Serena Williams' Future Suddenly in Question After Muguruza Upset at French Open


On Wednesday, Serena looked as powerless as can be, crashing out in shocking fashion to 20-year-old Garbine Muguruza of Spain 6-2, 6-2 in the second round of the French Open. It was the most lopsided defeat at a major in her illustrious career. Suddenly, Serena winning multiple more majors doesn't feel like a sure thing.

Darko Vojinovic/Associated Press

Usually, Serena's losses on the big stages can be chalked up to bad days or injuries. They're often isolated incidents that don't have much of a bearing on her future or legacy, despite the fact that they take away from her Grand Slam tally. But this time felt different.

For the second straight major, Serena was simply taken out of her losing match by a strategic, hard-hitting opponent. Earlier this year in the Australian Open fourth round, Serb Ana Ivanovic came out firing, hitting forehands deep and to the middle of the court, taking the angles away from Serena and leaving the 17-time major champion flat-footed and lifeless.

Muguruza, who has shown flashes that she is going to be a player to reckon with in her young career, copied that playbook. She took away Serena's ability to dictate, and therefore was able to take the match.

Of course, as Steve Tignor of Tennis.com points out, this is much easier said than done. He broke down how Muguruza pulled off the upset.

Of course, it’s one thing to have a game plan, and quite another to execute it against a 17-time Grand Slam champion. Muguruza was virtually flawless, especially with her returns and backhands, which seemed to be laser-guided to a spot about a foot in front of the baseline. Even when Williams was serving, she was on her heels. It’s rare to beat Serena, but it may be even rarer to break her five times in the process.

"It was one of those days," Serena said after the match. And while it's natural for even the best to have off days, the worry is that this year "those days" have come around more frequently.

Besides Wednesday's match and her loss to Ivanovic in Australia, Serena also has head-scratching losses to Jana Cepelova in Charleston, South Carolina and Alize Cornet in Dubai. For all four defeats, her opponents had a similar strategy: Catch Serena on a sluggish day then relentlessly hit hard, flat, deep and to the middle of the court.

Chris Chase of USA Today's For The Win described why he thought this was the most disastrous performance in a major of Serena's career.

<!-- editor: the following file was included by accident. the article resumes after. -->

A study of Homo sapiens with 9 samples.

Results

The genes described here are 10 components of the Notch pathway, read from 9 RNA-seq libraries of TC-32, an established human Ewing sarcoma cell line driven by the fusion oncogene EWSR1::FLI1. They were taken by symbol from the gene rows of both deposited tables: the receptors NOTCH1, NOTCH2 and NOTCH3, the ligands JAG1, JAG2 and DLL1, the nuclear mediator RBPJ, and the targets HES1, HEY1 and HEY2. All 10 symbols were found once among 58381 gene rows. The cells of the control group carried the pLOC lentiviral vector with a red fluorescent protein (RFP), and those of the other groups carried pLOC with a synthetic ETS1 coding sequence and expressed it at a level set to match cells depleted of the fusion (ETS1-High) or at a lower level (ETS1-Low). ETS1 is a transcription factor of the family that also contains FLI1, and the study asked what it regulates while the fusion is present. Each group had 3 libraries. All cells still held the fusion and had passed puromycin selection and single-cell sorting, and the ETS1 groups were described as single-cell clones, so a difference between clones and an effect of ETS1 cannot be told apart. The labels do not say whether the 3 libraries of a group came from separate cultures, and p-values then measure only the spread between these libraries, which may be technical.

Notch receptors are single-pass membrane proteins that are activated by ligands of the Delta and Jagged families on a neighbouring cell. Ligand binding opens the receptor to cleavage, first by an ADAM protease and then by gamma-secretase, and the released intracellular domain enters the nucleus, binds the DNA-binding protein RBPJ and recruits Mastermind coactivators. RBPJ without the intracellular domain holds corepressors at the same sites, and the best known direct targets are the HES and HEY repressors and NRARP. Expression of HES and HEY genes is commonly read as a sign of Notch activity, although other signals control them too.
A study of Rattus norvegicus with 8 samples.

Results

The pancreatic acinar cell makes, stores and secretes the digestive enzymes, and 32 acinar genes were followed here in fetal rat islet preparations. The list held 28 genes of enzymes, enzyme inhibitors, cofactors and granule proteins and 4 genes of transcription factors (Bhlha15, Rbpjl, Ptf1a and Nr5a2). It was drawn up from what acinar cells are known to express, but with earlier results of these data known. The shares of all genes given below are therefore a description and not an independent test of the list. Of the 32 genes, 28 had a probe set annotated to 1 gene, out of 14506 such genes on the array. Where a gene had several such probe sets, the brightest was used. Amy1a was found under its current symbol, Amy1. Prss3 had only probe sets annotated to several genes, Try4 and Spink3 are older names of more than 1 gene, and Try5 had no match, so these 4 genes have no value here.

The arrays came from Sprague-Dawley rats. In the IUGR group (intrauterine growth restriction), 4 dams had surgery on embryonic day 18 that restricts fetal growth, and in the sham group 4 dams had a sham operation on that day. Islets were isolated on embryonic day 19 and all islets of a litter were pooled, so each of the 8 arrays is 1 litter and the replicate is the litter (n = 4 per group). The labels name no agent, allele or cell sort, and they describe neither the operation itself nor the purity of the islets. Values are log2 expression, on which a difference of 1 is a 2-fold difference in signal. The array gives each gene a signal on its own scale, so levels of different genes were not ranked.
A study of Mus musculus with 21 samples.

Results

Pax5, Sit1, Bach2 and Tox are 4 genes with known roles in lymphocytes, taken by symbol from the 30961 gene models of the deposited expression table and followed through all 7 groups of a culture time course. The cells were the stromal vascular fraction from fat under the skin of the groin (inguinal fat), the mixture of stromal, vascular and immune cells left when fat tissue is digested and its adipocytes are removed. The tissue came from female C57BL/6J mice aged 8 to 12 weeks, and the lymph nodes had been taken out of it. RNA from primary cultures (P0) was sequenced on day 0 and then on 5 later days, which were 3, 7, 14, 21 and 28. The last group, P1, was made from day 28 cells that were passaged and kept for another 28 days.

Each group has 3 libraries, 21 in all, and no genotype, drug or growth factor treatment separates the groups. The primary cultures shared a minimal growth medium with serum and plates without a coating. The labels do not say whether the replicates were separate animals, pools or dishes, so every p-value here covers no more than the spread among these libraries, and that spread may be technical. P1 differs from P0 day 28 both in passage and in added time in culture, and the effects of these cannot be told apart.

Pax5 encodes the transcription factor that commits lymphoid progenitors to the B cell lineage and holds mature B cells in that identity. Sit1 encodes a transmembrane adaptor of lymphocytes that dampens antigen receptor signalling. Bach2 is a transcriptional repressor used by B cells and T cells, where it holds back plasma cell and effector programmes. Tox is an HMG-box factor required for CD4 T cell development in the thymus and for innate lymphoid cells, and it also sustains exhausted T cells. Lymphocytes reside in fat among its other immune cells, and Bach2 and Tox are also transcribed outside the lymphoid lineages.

Serena, the best server in the history of women’s tennis, was broken in five of eight games. She hit eight winners against 29 unforced errors. Her footwork made it look like she was playing in quicksand rather than clay. In the end, Muguruza, who entered Roland Garros ranked No. 35, looked like the top seed finishing off a routine win, holding at love to score the biggest win of her life. The four games won were the fewest in any of Serena’s previous Grand Slam losses.

Coming in the immediate aftermath of her sister Venus' loss to 19-year-old Anna Schmiedlova, it was hard not to see Serena's loss to Muguruza through a changing-of-the-guards lens. The Williams sisters were supposed to face off in the third round, but instead it will be a battle of two up-and-comers trying to back up the biggest wins of their careers.

Still, it would be foolish to count Serena out. We all had a similar conversation about Serena two years ago, when she crashed out of the French Open in the first round to Virginie Razzano. Following that devastating defeat, Serena went on to win Wimbledon, the Olympic gold and the U.S. Open.


While a mad Serena is a terrifying thought for the rest of the WTA, the truth is that everyone's reign of dominance eventually comes to an end. The first five months of 2014 could be a sign that Serena is beginning an inevitable decline, or it could be just another chance for her to prove her greatness to us all over again.

One thing is for certain, though. Serena is 32 years old and has a lot of tennis miles on her tires. These off days are going to pop up more often than they have in the past. And now, the rest of the WTA knows how to take advantage of them.